Sources of Kakuro Puzzles
Here are some great sources for Kakuro and Kakuro-like puzzles. If you have any suggest, please send them along to firstname.lastname@example.org.
YouPlay.com boasts numerous puzzles, including Kakuro, Sudoku, and variations of the two. Five new puzzles of each type are provided every day.
Puzzles are free. You may play them as a guest, or get a free membership, which allows you to see any high scores you may acheive appear on the leaderboard.
For a fee, you can get access to archived puzzles and compete for cash prizes. The site is in Australia; cash prizes are not available in the United States.
Kakuro at YouPlay.com
If you like Kakuro, check out Adduko. It's like Sudoku, but instead of starting with some squares filled in, the board is broken into sequences of squares--you're given the sums of the sequences, and use Kakuro-like logic to determine the sums and fill in the board.
CALcuro is like Kakuro, with two big differences. First, the clues involve not just addition, but subtraction, multiplication and division as well. Second, a sequence may contain more than one occurence of the same digit.
Clues are not automatically provided. The Hint button will fill in a square each time it's hit. KakuroCalc may be useful when playing Kakuro, Adduko, and (depending on the particular clue) CALkuro.
Here's a helpful hint for YouPlay: if you look at the leaderboards, you may be amazed at how high the scores are, and out the miniscule time it takes the leaders to get those high scores. The scores are somewhat meaningless, because there is a trick to running up your score.
Here's how it works: you get points at the moment you complete a sequence. The number of points depends on how much time has passed since you last scored points. The secret is to complete sequences in as short a period as possible. People with really high scores often find themselves with the board nearly filled-in, but with zero points. At that point, each square they fill in completes a sequence and they rack up the points.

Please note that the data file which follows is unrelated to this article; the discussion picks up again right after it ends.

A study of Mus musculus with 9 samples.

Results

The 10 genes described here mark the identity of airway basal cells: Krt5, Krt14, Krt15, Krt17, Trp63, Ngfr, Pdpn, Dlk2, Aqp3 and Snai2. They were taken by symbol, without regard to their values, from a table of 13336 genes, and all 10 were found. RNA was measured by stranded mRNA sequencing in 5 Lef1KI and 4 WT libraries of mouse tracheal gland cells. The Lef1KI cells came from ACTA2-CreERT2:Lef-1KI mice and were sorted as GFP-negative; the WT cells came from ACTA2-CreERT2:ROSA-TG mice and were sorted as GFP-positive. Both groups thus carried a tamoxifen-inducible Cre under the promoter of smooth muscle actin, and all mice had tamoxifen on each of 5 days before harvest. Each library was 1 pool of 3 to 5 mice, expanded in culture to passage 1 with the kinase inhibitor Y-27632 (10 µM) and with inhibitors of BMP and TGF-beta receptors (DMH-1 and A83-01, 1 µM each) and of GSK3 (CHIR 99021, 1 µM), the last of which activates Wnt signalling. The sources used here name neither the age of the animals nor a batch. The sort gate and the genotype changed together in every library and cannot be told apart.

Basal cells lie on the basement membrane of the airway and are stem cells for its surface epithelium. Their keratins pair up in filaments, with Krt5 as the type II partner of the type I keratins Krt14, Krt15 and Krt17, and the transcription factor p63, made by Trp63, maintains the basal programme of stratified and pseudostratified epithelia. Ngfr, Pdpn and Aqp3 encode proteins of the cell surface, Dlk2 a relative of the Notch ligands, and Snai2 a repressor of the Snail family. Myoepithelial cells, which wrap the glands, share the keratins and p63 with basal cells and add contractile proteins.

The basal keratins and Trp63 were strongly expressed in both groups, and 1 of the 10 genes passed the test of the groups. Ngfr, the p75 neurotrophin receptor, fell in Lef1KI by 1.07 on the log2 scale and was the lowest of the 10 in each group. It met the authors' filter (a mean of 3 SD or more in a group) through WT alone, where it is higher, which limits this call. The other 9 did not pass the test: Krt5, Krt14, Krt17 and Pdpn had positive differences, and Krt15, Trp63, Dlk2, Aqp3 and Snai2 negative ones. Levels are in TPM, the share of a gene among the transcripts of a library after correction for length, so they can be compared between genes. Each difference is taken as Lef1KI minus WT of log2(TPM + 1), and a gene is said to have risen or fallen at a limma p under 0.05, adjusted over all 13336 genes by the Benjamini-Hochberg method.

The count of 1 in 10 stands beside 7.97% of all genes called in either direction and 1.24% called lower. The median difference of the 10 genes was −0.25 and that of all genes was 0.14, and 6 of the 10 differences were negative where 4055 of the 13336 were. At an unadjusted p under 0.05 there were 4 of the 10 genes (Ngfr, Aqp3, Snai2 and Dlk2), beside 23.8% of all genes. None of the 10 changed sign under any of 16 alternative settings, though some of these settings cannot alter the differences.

Daily updates providing numerous puzzles of varying difficulty make YouPlay a real bargain. The fact that the puzzles are available for free are icing on the cake.
ConceptisPuzzles.com provides Kakuro, Sudoku and several similar puzzles, as well as some amazing graphic puzzles, including the crowd-pleaser Pic-a-Pix. (If you like Pic-a-Pix be sure to check out Sym-a-Pix).
All puzzles are updated on Fridays, with about six-to-ten puzzles of each type. One puzzle of each type is free. The rest may be bought using points purchased from Conceptis. 500 points cost $6US. The number of points required to purchase a puzzle varies from puzzle to puzzle and from type to type. Number puzzles tend to require fewer points than graphic puzzles. A Kakuro puzzle typically costs 4-15 points.
250 points will buy all of the puzzles of the week.
Once you have bought a puzzle, you may save it indefinitely and even replay the puzzle.
Kakuro at ConceptisPuzzles.com
Conceptis' number puzzles provide an automatic hint system. If you hover over an area of the board, you can see a display of all possible number combinations that might fit into that area. The display sometimes truncates the list of possibilities; in these cases, KakuroCalc might prove useful. Most of the time, however, you'll already see all of the possible sums.
CalcuDoku is a Kakuro-like puzzle that may involve addition, multiplication, subraction and division. Unlike YouPlay's CALkuro, each puzzle has a list of operators it will involve. Some may involve only addition or multiplication, some may involve two operators and some may involve all four. Not surprisingly, multiplication-only seems to be the easiest and addition-only the hardest.
Unlike Kakuro sequences, a CalcuDoku sequence may contain multiple occurrences of the same digits.
Although updates are only weekly, and most puzzles cost a few pennies, ConceptisPuzzles.com provides a large variety of puzzles that are both interesting and challenging and well worth the price.